1. David Allen Pollard
    February 12, 2012 @ 5:22 am

    I was best mates at school with Neil Rice who replaced Gaz on bass. Neil had a box full of the ep under his bed to distribute or sell for the Grids. Neil showed me the rudiments of bass guitar and I would practice until my fingers hurt visiting his house after school each day. I soon got my own guitar from Hessies in Liverpool and put together The Extremes, writing songs and covering Buzzcocks, Sham 69, Clash and SLF to do gigs in and around Mold and North Wales. The most notable of these events was at Kelsterton College, organised by my best man Damian Rush and his twat friend from Rhyl John Bell (they both co wrote along with Mo Allman – Extremes’ wicked Herbie Flowers style bassman, our tribute to Bob Marley reggea song “Gotta Get Out of Here”) Also on the Kelsterton bill were The VOTS, whose devotees tore down The Extremes spray painted backdrop on half a bed sheet and set fire to it. We’d played and were already in the pub laughing with most of the proceeds…. thanks Damian! First on that night was a band fronted by Scratch, who I later saw at the Wardour Street, Marquee fronting Mercenary Skank; a polished outfit in the same vein of The Alarm. I spoke to Tunky outside the venue before the gig that day, telling him they’d better be good coz I had hitched all the way from Mold for the event ‘specially. They played really well and I took some great photos of the band standing at the front with my shitty old kodak; Tunky in his red “leather” pants bending the strings on his black Ibanez guitar. I never asked him if he remembered me from Mold when he asked if he could plug into my combo amplifier when we played on the same bill at Mold Community Center when he fronted The Interceptors. I had my favourite Clash t-shirt stolen from the dressing room that night. But being a punk, I would have given it to anyone who would have asked for it anyway! Never owned my own home, posession is theft; you come into the world with nothing and you leave it with nothing, so what the hell, man?

    I needed to express myself through the perfectly timed punk medium because I was a very disaffected youth having grown up without my father whom my female parent stole me away from on a visit permitted by the Australian Court, and dragged me up in an abusive hole in an Anarchic UK. 45 years later, a tv show called Find My Family, reunited me with my birth father here in Australia, and here I shall stay until my book of my begining, middle and end makes publication. I am 50 this year, my Dad is 70 next month. I am so glad that I never found a headstone. No, my Dad was a musician in the Royal Marines before transferring to the Royal Australian Navy. These are my Grids: set in stone and cast in iron!


    • Mark downing
      May 26, 2018 @ 9:51 am

      great review.i remember the Kelsterton gig with huge love and horror. it was tremendous fun in a way one can’t have anymore.
      I was in an early part of my musical life playing a cheap Japanese Telecaster bass and playing Caberet Voltaire influenced stuff.
      I later on grabbed Funky from The Grids and we went on to greater heights As Mercenary Skank.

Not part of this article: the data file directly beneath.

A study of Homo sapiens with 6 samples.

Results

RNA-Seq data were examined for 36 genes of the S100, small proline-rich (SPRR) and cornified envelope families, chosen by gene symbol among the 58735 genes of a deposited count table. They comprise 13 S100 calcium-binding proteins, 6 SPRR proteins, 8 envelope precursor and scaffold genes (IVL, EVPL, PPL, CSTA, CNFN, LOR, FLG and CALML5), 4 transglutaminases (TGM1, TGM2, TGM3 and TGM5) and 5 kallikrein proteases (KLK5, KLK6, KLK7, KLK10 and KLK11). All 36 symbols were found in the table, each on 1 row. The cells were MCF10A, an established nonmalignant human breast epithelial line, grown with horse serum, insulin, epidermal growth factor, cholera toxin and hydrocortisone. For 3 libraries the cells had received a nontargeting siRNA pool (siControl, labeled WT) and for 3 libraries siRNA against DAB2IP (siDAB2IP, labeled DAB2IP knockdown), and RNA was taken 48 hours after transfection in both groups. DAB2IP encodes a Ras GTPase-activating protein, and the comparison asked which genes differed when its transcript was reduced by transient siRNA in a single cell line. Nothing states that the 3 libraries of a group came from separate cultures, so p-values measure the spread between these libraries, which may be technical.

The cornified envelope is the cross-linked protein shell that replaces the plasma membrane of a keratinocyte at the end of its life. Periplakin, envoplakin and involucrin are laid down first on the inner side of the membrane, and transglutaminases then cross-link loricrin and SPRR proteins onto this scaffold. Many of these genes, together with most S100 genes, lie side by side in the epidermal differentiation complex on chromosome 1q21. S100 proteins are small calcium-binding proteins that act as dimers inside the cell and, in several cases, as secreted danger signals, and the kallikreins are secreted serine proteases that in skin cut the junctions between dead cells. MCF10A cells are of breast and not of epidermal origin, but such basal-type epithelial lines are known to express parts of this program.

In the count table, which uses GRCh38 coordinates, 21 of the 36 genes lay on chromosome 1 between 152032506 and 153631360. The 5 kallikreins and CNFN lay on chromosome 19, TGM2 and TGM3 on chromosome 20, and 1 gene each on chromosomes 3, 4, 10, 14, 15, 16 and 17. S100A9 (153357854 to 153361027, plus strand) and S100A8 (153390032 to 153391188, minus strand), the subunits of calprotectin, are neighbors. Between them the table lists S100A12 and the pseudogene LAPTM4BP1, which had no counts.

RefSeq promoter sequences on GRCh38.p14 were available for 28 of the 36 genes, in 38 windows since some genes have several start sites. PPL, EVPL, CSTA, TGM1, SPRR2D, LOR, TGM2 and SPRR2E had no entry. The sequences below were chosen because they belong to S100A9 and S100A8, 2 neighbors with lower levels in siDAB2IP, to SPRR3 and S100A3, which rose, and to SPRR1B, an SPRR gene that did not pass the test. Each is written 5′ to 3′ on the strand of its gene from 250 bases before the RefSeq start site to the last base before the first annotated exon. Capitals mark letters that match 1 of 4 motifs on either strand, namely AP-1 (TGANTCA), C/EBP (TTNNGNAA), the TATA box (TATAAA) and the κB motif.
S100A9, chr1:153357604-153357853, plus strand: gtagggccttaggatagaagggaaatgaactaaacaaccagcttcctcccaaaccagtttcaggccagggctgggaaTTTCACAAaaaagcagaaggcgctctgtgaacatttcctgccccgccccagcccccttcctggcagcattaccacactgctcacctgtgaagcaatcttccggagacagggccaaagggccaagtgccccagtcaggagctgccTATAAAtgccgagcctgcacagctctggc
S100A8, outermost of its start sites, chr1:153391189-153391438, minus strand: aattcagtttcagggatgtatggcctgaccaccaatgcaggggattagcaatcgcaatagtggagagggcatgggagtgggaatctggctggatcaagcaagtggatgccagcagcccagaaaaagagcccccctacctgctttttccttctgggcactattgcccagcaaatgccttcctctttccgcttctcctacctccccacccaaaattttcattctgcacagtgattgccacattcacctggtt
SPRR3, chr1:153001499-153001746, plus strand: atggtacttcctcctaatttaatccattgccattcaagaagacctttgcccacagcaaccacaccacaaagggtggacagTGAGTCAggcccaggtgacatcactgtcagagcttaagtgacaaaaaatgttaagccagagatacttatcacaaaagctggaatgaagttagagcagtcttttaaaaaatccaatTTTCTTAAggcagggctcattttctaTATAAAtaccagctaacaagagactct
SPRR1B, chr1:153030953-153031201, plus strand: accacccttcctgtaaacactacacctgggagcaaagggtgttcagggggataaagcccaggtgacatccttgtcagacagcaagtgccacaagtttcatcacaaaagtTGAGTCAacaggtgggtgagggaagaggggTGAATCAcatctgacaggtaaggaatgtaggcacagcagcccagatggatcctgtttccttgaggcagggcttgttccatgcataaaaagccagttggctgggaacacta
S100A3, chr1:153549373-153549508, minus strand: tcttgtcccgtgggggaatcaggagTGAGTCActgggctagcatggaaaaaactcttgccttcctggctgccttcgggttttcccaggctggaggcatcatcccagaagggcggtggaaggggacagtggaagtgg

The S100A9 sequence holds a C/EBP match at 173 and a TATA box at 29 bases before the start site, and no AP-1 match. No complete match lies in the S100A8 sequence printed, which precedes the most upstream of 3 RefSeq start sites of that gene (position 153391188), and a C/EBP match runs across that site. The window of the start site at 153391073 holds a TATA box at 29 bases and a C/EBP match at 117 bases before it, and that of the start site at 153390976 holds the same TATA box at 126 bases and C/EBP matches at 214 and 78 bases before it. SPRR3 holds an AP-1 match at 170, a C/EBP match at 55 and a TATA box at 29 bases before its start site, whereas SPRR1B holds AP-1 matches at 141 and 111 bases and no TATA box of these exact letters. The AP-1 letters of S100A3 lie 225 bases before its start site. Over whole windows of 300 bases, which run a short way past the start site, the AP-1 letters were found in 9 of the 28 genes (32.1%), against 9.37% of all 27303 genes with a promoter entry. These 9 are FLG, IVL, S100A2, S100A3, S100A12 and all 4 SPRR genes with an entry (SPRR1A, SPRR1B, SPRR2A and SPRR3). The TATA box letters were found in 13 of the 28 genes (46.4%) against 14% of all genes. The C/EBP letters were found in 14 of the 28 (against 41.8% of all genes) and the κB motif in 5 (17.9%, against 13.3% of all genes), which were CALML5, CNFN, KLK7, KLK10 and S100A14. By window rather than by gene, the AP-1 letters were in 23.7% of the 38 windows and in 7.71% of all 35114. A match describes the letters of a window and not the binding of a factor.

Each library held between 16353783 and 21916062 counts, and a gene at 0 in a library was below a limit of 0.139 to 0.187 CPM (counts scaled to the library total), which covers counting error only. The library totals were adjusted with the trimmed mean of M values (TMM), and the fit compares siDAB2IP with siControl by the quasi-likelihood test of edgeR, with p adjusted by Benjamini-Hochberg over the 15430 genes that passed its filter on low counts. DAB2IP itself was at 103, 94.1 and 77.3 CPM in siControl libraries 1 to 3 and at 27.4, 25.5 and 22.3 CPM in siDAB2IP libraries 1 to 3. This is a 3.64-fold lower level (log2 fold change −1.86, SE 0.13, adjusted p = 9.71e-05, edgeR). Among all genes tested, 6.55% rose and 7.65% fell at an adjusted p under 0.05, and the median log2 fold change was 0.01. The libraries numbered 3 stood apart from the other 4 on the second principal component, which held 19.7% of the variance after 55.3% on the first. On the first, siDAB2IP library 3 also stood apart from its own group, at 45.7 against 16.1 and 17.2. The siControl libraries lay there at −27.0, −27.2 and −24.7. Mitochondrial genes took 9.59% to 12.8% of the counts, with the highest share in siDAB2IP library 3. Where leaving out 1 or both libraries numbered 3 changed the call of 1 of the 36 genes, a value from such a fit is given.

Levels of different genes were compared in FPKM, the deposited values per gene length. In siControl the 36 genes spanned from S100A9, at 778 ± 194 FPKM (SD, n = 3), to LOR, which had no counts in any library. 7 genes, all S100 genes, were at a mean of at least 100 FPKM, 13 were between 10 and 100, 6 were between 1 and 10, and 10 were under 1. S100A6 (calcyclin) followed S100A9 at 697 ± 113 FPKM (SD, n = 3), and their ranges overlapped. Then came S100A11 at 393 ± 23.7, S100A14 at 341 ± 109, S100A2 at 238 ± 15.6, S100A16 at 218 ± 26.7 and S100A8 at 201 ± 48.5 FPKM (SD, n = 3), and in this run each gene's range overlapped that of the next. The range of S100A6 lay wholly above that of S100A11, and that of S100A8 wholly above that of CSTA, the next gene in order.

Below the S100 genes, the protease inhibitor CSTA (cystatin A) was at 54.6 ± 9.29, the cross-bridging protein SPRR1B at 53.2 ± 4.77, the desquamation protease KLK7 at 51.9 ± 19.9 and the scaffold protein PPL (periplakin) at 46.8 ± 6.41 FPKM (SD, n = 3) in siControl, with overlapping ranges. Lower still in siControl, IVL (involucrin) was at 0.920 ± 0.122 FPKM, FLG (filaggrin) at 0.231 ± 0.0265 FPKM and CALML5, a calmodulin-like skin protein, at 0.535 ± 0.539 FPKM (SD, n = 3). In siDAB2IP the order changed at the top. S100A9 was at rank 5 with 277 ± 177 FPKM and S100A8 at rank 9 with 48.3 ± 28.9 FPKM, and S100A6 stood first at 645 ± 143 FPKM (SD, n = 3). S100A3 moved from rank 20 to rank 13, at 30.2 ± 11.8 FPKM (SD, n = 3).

sent with love and peace
      $cratch Xxxxx Mercenary Skank .


  2. Andrew Hughes
    June 9, 2012 @ 11:15 pm

    The Grids, whilst young at the begining I was overwhelmed with it’s vibrancy and anti establishment attitude. Inspired to form and join bands of my own the first (Pre-occupational hazard) being withJulian (Jock) Carmichel, Ben Denton and Shane Williams, Rehersing in the Victoria hotel in Holywell. Remember playing a school disco and playing ’till our fingers bled because the DJ didn’t turn up. Got special mention in Monday morning assembly and even got paid £5.00. This was all about 1979,Used to hang around with all the lads – Doggy Moggy, Sten, Tunkie (went to school (same year) with Tunkies younger brother Micnael) Tim Bean etc and used to love rehearsals in Moggy’s garage. Telford was probably my transition to Adulthood. Remember waiting outside the vic to wave off the coach and Sibby saying “are you coming” I replied “no” he replied ” do you want to come?” no more said and done i’m queing to get in a night club in telford at 14. Moggy said I was his brother to get me in, Pete Banks lent me 50p to buy a pint and crawleed home in the early hours to tell my god forsaken parents that I’d been in telford nick half the night. This was second only to the Holywell town hall bash on the eve of charles and dianes wedding. The bunting didn’t stand a chance, must have been 700 to 800 hard core punks in town. On the Bill:- Spectres, featuring Glen Matlock of Sex Pistols fame, Seventeen of who was Gareth Jones (then a roadie) as I knew hin or Gaz Top as later became, and the Local Heroes, The grids. Lots of changes happen’d during this Time and Intercepters formed with a new type of music emerging from the ashes. Ian, Tunkie, Tim and Gaz, bangles and all thrusting out this new fast paced musically enlightend strain of genre that people were enthralled whilset unnerverd to a point at. I thought “WOW”.AS WAS STOOD AT PENTRE HALKYN TOWN HALL AND HAD DISCOVERED BRILLIANCE. NEVER MIND EUREKA, THIS WAS A kENNADY MOMENT , i CAN SAY I WAS THERE. Second was the Night we, (now called Death Sentance) supported The V.o.t.s. at the Hen Davern in Ffynongroew. Great times Lots of people not in a movement or a gang, just living for music. God bless all of you, Wonderful memories about wonderful times with wonderful people who despite our clothes and portrayed image looked after me at an early and influencial age to help establish me in thie world we call today. Would we wish this age of uncertanty on our children. I would and let them go through it and make their own mind up.